Urgent Evoke

A crash course in changing the world.

April 15th, 2020

It is 2020 and Mexico City, after decades of neglecting resiliency programs, is about to unveil it's new PESCA (Programa de Emergencia y Supervivencia Citadina Avanzada or "Advanced City Survival and Emergency Program"), in which yours truly took a part in designing.

This program was designed to provide support and facilities in case of city-wide emergencies and natural disasters, with a primary focus on seismological activity, which is the single greatest natural threat we can face in central Mexico and a likely possibility with the increased telluric movements across the world.

As a result, we have picked 64 locations all across Mexico City and it's metropolitan area to be conditioned for urban resilience and survival, with the work scheduled to be completed in a maximum of 3 months. All the locations have been chosen with two goals in mind: minimum of debris and collapse risk after an earthquake, ease of on-the-spot building of camps, population density per area and strategic location for easy and fast access in case of emergency. As a result, the vast majority of locations are city parks, forests and a handful of privately owned areas.

After the work is completed, the overall map will look like so:


One of the most important and vital locations will be Chiquihuite hill. This is one of the main telecommunication areas in Mexico City, as it houses most of the radio broadcasting towers. In the case of many emergencies, widespread power outages will be expected, and the only means of staying informed for most inhabitants of the city will be radio. It will be vital then, to divert resources into this area to keep them operating and sending vital information to everyone with access to a radio receiver.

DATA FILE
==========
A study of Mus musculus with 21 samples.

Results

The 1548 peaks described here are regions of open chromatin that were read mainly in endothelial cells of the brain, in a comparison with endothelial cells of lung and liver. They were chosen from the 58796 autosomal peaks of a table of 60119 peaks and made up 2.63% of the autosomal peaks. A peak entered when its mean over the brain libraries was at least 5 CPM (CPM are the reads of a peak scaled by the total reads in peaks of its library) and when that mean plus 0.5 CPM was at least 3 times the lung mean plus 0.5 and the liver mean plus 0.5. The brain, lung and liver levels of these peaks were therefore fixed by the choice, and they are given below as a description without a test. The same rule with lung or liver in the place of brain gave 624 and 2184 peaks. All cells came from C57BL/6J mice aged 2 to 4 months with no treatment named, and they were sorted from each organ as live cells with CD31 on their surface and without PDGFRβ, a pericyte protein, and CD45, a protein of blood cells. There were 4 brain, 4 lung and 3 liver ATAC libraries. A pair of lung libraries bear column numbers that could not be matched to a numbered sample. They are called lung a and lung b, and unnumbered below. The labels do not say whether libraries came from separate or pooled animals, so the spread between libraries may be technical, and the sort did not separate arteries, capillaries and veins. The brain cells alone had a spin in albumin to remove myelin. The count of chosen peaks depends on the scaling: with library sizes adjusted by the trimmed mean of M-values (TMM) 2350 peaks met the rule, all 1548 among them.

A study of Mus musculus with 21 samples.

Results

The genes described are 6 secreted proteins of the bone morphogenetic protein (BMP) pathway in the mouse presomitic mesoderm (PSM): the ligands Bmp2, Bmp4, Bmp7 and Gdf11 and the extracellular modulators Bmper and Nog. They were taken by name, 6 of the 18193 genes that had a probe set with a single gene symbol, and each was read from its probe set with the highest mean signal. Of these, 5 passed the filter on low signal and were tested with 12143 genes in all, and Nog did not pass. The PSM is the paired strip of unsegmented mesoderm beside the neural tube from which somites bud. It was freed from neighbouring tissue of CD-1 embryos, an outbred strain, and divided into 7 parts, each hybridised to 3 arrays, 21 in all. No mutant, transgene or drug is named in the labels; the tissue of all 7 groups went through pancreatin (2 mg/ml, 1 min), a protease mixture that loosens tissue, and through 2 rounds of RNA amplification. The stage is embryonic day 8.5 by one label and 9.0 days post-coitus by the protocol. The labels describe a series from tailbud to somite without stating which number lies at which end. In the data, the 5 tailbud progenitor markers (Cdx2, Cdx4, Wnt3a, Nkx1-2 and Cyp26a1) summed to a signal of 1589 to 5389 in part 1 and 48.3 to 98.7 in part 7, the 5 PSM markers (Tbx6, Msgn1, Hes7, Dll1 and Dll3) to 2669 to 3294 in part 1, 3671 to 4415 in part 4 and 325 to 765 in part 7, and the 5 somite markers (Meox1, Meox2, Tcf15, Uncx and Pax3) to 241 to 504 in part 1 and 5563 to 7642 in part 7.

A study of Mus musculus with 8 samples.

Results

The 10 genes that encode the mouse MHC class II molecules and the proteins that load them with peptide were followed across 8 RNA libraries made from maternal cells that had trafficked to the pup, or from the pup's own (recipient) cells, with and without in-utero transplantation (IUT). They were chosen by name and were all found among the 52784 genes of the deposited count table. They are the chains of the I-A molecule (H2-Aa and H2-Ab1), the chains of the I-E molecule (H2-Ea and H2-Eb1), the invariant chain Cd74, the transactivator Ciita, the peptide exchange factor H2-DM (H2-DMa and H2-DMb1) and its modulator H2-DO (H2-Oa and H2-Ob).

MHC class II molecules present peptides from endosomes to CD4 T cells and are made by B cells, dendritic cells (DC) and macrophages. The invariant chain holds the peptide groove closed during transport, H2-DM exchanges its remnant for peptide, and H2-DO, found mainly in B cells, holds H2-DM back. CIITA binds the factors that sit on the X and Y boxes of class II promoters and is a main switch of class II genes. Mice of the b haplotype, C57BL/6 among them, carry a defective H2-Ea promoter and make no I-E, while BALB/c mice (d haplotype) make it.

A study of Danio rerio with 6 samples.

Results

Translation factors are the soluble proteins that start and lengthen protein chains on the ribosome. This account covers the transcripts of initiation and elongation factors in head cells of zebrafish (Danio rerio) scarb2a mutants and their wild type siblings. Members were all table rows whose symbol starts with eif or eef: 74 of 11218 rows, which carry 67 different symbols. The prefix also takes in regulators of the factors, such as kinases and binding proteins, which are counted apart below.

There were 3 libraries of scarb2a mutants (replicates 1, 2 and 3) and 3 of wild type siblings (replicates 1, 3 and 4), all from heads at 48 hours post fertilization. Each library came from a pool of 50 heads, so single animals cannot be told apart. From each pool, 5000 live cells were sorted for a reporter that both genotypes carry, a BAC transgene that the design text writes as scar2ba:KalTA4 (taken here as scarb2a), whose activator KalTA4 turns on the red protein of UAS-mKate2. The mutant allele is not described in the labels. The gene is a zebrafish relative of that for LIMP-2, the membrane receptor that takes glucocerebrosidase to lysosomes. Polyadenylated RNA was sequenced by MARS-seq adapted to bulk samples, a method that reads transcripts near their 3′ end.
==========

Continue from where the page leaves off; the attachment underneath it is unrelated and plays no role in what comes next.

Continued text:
Another vital area will be Chapultepec forest. It's enormous area and infrastructure can ensure the preservation of countless lives in the event of an emergency, and it's centric location can be easily accessed by anyone in the most densely populated section of Mexico City.



As it can be expected, a large part of the population will be in the downtown area of Mexico City in the event of a daytime catastrophe, so it is hugely important to condition two key areas for emergency response and medical attention: The Zócalo plaza and the Alameda Park, shown respectively below:




Also, due to the heavy density of the city and the lack of the open spaces required for an efficient response and survivor attention during a catastrophic event, with the help of city officials and the private industry we have reached an agreement that will bind country clubs and golf courses to allow the use of their properties to tend to survivors and provide for camping spaces for those who may now be homeless, like the Mexican Golf Club below.



Each and every location will be fitted with renewable energy devices to power lights, medical equipment, water purification services and at least one large screen TV for entertainment and news coverage. Since the structural integrity of any building cannot be guaranteed, each location will have several ready-to-deploy solar balloons to provide energy in the event of a very likely city-wide blackout.



Every location will also be ready to deploy tents and tarps to provide temporary shelter for people left homeless or afraid of going back to their homes due to structural damage, as well as prompt building of medical facilities, for which all locations will be constantly monitored for unexpired medical supplies once a year.


Many of the locations are also near water sources, however, these are heavily polluted and undrinkable. For this reason, they will all also be fitted with treatment plant-grade LifeSaver treatment units, which will also be verified for functionality during a yearly inspection.


These are just the highlights, there are many more details to be learned about our project, like new food resiliency techniques by Patricio Buenrostro, and they will all be available soon at a new website by the Ministry of Civilian Protection.


The poor response and attention from 1985 will never again be repeated. Next time disaster hits, Mexico City will be ready.


P.S. Yes, I know the mission said to use Google Maps, but I find Google Earth to be better and more versatile. :p

Views: 21

Comment by Jean Frankly on May 2, 2010 at 8:58am
Excellent proposal on an earthquake survival and emergency program. Thanks for sharing your insights.